By JOHN DeMERS
Actor Bryan Batt of TV’s Mad Men fame and I have, I think, only one major thing in common – and that thing goes by a two-word name: New Orleans. Both of us were born and grew up there, though I a decade before he did. Both of us came to understand its arcane rituals and tangled social labyrinths, even though he had personal encounters with more of them than I did. And both of us watched the tragedy of Hurricane Katrina from somewhere other than New Orleans – I from a life in Texas, he from a vacation in Sonoma.
To have that two-word name in common, and then to read his new memoir She Ain’t Heavy, She’s My Mother (Harmony Books, $24) makes the experience a wild, eye-opening and lump-in-the-throat ride through the very different lives he and I led in the very same locations. The fact that Batt’s family owned (and his grandfather created) the now-gone amusement park called Pontchartrain Beach, where I virtually lived every summer, only ups the ante, I’m afraid. I can almost see – almost – my own late mother and father sipping from a shared Tiki Bowl at the faux-Polynesian Bali Hai restaurant as I raced between the Zephyr roller coaster and something called The Wild Maus. It was neck-and-neck whether their evening or mine could leave a person feeling sicker.
In the “art imitates life” department, there’s something thought-provoking about an actor who played a closeted gay advertising art director in early 1960s New York (three seasons as Salvatore Romano on the award-winning AMC series) writing about his own coming out 15 or more years later. Clearly, thanks to a lot of social and cultural changes, these were two different Americas – and therefore Batt’s own journey seems a great deal less agonizing than Sal’s. Many readers will be struck, in fact, by the full acceptance and support he felt all around, from his older brother Jay (who apparently had only an off-color wisecrack) to his mother, who perhaps understood better than anyone all along.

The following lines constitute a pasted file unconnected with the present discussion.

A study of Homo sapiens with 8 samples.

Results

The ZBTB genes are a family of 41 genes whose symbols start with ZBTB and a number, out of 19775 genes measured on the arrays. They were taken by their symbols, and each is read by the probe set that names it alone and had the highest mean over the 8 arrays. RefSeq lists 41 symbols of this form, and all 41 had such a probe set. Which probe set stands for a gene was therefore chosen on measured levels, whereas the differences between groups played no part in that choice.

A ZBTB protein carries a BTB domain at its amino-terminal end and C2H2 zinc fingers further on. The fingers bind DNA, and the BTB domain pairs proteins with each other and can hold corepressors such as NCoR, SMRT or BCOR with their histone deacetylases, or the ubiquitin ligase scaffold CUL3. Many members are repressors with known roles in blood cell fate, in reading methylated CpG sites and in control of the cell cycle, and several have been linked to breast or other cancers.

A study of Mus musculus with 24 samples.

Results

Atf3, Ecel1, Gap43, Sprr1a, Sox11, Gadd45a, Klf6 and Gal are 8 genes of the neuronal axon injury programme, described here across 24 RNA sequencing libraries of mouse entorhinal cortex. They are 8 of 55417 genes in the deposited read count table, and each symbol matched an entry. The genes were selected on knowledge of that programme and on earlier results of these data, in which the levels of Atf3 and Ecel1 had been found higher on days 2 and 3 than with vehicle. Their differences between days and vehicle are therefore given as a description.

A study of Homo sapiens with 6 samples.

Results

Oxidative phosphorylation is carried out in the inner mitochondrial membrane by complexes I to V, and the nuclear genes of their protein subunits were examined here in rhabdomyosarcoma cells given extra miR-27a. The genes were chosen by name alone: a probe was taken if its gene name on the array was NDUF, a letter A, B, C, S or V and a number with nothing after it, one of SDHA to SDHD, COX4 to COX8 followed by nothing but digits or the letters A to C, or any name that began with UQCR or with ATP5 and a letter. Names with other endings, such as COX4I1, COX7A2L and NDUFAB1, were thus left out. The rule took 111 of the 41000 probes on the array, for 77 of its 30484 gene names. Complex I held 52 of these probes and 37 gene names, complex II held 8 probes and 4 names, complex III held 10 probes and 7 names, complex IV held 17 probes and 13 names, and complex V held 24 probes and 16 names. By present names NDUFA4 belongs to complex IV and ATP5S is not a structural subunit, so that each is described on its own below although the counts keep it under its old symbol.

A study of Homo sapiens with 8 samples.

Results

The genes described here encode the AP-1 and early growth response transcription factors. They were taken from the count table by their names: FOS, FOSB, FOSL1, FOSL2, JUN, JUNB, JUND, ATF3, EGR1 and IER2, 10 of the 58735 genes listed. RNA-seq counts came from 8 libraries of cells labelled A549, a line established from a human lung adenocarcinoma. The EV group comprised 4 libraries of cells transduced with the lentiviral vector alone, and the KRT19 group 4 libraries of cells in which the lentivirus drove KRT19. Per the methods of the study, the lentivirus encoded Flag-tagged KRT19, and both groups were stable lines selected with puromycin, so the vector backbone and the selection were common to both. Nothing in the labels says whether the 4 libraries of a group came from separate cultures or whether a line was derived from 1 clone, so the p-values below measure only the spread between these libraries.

The biggest surprise on this score, as on several others, has to be Batt’s late father. Perhaps it had something to do with John Batt’s feeling overshadowed by his father, Harry Batt the great and powerful, that helped him see, through his own dark struggles, that his son was involved in nothing more or less. The alcoholism that claimed John Batt’s life at age 55 and the single extramarital affair that nearly split apart his family are bedrock pieces of this family saga. They are related with insight, just enough objectivity to apply some facts, but mostly warmth, deep understanding and everlasting love.
As the title implies, She Ain’t Heavy is primarily about Batt’s mother, Gayle. It may be a bit of a cliche, a gay man writing about how much he loves his mother; but that isn’t how this feels at all. For one thing, the tale is peppered – no matter how much the guy drank and cursed – with moments in which young Bryan felt accepted by his father. For another, his portrait of Gayle is clear-eyed enough, all things considered, to give our shared literary canon yet another Steel Magnolia, though definitely a Magnolia New Orleans-style.
Despite the book’s promotional copy, nothing is generically “Southern” about Gayle Batt. She races from D.H. Holmes to Rubenstein Bros. on Canal Street after lunch at Galatoire’s, picking out outfits for Spring Fiesta, the Mad Hatters Ball or the next high-society Carnival wingding. As she grows older, her faith and courage in the face of illness, numerous surgeries and inevitable decline give the book a poignancy that anyone who’s been around this earth a while can share.
She Ain’t Heavy succeeds on a couple other levels as well. It is, though to a lesser degree, a showbiz memoir, with Batt’s early tendencies to be “theatrical” leading him to, well, theater. His contributions to Broadway successes like Starlight Express, Cats, Beauty and the Beast and Sunset Boulevard are sketched in against the passage of time – bookmarked by such events as the death of Princess Diana and, of course, the terrorist attack on the World Trade Center. The “tricoastal” life that came with Sal and Mad Men will intrigue members of the show’s cult-like following, though the narrative stops short of Sal’s apparent disappearance from the show in late 2009.
And the book is also a restrained love story, describing Bryan Batt’s 20-year partnership with Tom Cianfichi, with whom he now owns the Hazelnut gift and home accessories shop in uptown New Orleans. On these pages, Batt doesn’t seem to be fighting any battles, making any political statements, or grinding any axes. Whether he’s writing about Tom, his mother, his father or his brother, this is just another human love story. And everybody loves one of those.
Photo: Bryan Batt (left) in a scene from Mad Men.